DOJ intervenes in student diabetes case

Share: FacebookTwitterEmail

This is a graphic in the shape of Kentucky with its flag inside.

News from Kentucky

The Department of Justice filed an amicus brief June 7 on behalf of a boy with diabetes who filed a discrimination lawsuit against his school in Kentucky after it refused to train non-medical personnel to assist him with his insulin pump.

In 2010, the Scott County Board of Education voted to transfer the student, identified as R.K. in court documents, away from his neighborhood school to one of the district’s two schools with a full-time nurse on staff, alleging that the move was necessary for liability reasons under state law.

In its amicus brief, filed in the U.S. Court of Appeals for the 6th Circuit, the Justice Department countered that the transfer violated the student’s rights under federal law to a “free appropriate public education,” as well as Section 504 of the Rehabilitation Act and the Americans with Disabilities Act, which prohibit discrimination against people with disabilities.

The U.S. District Court for the Eastern District of Kentucky ruled in favor of the school.

“The district court ignored the Department of Education’s Section 504 regulations and seemed to assume that, as long as R.K. receives an adequate education, the location of his placement is irrelevant to whether the school district has complied with its Section 504 obligations,” the Justice Department stated. “The court thus did not consider whether the school district had engaged in the required individualized assessment to determine whether R.K.’s needs could have been met in the school that he would have attended but for his disability.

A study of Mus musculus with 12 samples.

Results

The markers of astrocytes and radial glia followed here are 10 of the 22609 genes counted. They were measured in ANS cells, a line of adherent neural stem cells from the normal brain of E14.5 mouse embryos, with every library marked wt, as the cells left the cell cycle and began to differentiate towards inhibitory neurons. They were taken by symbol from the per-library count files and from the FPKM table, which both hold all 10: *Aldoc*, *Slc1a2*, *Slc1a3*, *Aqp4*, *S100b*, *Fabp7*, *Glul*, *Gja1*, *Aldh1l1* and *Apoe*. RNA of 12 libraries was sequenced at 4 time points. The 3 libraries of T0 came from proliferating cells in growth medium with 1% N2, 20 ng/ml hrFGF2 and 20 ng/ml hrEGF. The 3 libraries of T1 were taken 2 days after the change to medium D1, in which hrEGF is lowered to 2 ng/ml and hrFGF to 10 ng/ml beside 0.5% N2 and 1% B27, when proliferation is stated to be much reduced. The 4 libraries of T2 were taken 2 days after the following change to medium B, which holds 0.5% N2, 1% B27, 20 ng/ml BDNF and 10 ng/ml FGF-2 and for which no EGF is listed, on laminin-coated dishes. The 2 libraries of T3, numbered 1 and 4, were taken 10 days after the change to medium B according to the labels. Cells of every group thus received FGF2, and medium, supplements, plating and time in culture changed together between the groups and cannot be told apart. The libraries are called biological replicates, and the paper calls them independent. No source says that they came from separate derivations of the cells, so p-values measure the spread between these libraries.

In December 2009, the student’s parents informed the school district that their son uses an insulin pump, an electronic device used in place of a needle and syringe. The parent’s provided a physician-approved Diabetes Medical Management Plan, which stated that the student needed “some assistance” monitoring the pump and counting the amount of carbohydrates he was consuming so he could implement the correct information into the pump.

These forms of assistance had previously been provided to the student by non-medical personnel at a summer camp and in an after-school program.

The school district’s policy permits insulin pumps only if the student is “fully self-sufficient” in administering the device. The Justice Department counters that under Section 504, the assistance the student requires qualifies as “related aids and services” that the school must provide.

The lawsuit comes one week after the Justice Department announced a settlement with a private school in Louisiana that had denied admission to a six-year-old girl with Type 1 diabetes after her parent’s requested that the school supervise her in her daily diabetes care practices. Under the settlement, the school agreed to make “reasonable modifications” to ensure equal opportunity for students with diabetes.